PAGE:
Rick Osentoski-USA TODAY Sports

Chris Bosh
Steve Mitchell-USA TODAY Sports

For a great a job as LeBron James did while in Miami, paltry predictions for a non-LeBron-led Miami Heat are a disservice to the mostly intact team that went to four-straight NBA Finals. A historically good San Antonio Spurs team made everyone but LeBron look like amateurs but they’re far from a non-threat. In fact, the LeBron-less Miami Heat could do loads better than projected.

As a man forced to play third fiddle to James and Dwyane Wade for four years, Chris Bosh will be the key to Miami’s underdog run. And as much as he and the rest of the Heat looked like non-factors surrounding LeBron in the 2013-14 NBA Finals, Bosh and Co. can only be faulted to a point. They were simply a supporting cast molded to complement James’ supreme game, after all. If the equation doesn’t work out as intended, it’s rarely the fault of the math.

Bosh remains one of the most sound players in the game. He really can do it all: defend the pick-and-roll, shoot from deep, hit the high post jumper, play the inside game, guard wing players, play to big moments, and contribute efficiently and unselfishly. He’s not the marquee player that LeBron is but might just be the centerpiece this teams as composed needs.

The 2014-15 Heat have perhaps a little less youth than one would like but will be able to make up for it with dedicated coaching, established cohesiveness, and a batch of players who play to their strengths.

To start, this will be a good defensive unit. Josh McRoberts is the only glaring weak link but isn’t the type of liability that disrupts a top-five defensive unit as seen last season in Charlotte. Wade, too, isn’t the defender he was when the Big Three first linked up, and he continues to fall back on plays while yelling to referees, but can still work well against most NBA teams for stretches. Plus, in Deng, Chalmers, and Cole he’ll have three capable to very capable defenders to throw at the other team’s best wing scorers. Behind them will be Bosh and/or Chris Andersen who both know a thing about making up for defensive lapses.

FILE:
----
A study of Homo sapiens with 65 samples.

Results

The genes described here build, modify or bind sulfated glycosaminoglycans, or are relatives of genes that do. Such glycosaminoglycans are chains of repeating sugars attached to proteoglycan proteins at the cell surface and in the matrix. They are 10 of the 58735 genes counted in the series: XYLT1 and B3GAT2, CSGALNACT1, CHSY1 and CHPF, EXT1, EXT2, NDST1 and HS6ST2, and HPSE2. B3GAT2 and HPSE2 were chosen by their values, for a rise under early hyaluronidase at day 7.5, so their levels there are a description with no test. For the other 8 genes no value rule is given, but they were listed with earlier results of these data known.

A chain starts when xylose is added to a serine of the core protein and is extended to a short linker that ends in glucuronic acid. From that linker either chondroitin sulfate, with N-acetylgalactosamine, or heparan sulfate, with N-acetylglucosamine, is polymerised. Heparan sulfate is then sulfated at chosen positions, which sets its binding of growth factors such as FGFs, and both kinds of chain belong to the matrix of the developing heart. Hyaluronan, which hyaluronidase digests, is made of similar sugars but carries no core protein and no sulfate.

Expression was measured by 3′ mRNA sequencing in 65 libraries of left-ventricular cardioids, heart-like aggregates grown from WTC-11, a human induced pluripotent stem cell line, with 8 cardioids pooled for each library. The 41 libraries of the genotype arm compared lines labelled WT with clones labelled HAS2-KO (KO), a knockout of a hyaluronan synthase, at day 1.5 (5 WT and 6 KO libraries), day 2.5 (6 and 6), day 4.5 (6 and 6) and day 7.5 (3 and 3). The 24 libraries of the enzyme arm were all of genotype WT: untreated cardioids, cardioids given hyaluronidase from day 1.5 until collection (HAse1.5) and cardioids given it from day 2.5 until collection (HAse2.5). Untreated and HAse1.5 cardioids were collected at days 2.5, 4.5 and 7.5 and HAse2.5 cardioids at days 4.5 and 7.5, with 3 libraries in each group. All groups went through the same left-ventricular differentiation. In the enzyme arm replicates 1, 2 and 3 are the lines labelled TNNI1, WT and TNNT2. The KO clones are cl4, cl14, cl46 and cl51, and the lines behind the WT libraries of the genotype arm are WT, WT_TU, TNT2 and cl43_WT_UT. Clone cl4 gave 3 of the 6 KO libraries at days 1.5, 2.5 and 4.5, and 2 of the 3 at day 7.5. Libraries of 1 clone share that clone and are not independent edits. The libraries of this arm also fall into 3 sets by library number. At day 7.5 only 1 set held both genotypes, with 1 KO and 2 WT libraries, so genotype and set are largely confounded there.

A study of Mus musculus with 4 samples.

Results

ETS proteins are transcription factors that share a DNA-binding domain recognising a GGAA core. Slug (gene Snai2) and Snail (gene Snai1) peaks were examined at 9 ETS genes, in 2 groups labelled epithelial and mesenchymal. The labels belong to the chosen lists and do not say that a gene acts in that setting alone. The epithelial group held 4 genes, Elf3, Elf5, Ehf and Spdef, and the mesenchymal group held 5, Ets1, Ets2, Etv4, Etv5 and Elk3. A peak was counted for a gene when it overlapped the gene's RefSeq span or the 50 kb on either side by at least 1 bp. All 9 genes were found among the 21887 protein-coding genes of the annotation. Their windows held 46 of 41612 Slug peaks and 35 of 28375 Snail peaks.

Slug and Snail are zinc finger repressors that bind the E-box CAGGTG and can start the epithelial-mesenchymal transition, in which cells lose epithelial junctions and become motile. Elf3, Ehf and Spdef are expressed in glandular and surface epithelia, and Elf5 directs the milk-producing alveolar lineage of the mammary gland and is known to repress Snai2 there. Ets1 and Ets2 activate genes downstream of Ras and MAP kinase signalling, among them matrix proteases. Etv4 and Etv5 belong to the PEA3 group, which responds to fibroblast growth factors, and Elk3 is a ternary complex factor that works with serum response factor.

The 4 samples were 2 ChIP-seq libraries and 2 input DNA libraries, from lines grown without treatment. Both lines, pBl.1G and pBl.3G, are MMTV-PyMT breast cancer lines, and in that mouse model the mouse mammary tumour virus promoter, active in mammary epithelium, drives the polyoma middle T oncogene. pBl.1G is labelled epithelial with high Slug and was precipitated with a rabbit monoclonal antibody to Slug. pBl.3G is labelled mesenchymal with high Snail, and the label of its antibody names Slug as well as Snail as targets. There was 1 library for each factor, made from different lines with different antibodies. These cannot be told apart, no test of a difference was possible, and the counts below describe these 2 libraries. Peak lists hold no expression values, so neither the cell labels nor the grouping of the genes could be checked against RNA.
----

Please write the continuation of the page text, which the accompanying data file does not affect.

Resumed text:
A major point of concern with be the team’s depth as there’s no real second option behind Wade and Haslem subbing in for McRoberts won’t exactly lead to 6th Man of the Year debates. As health will remain a place of worry for Wade and possibly Haslem, bringing in more bodies will be a must.

On a similar note, the Heat don’t quite have the shooting they did when LeBron was still an asset. McRob, Bosh, Deng, and Granger are fine shooters but nothing on the level of a healthy Ray Allen, James Jones, or Mike Miller. A lack of bombers actually stands to be a major detriment to Bosh’s game if he’s going to be their inside presence. Bosh’s newfound inside-outside game will help space the floor for himself but just won’t be enough against the Bulls, Wizards, and Raptors of the world who will be able to close out on his jumpers while keeping a man on other shooters.

With some capable shooting, however, Bosh has the tool to be a major weapon and lead Miami to a respectable postseason run.

Though he did it under LeBron’s shadow, Bosh was the fourth-most efficient finisher (66.5 percent) within eight feet of the basket. Leaps better than guys who thrive in the paint like Al Jefferson (62.2), Anthony Davis (61.8), and Kevin Love (58.8). He’ll have guys to get him the ball into the paint and at the elbow, where he is also deadly—Chalmers, Wade, and McRoberts were all in the top-100 for assist percentage—but it remains to be seen if the players around him will be enough to draw the needed attention away from scouting defenses.

Still, this is a man who was able to hit game-winning shots against playoffs and finals-bound teams when LeBron, Wade, or Chalmers were resting. As the primary option around a unit that complements his playing style, Bosh will remind the world why people shouldn’t be sleeping on a team that’s won championships.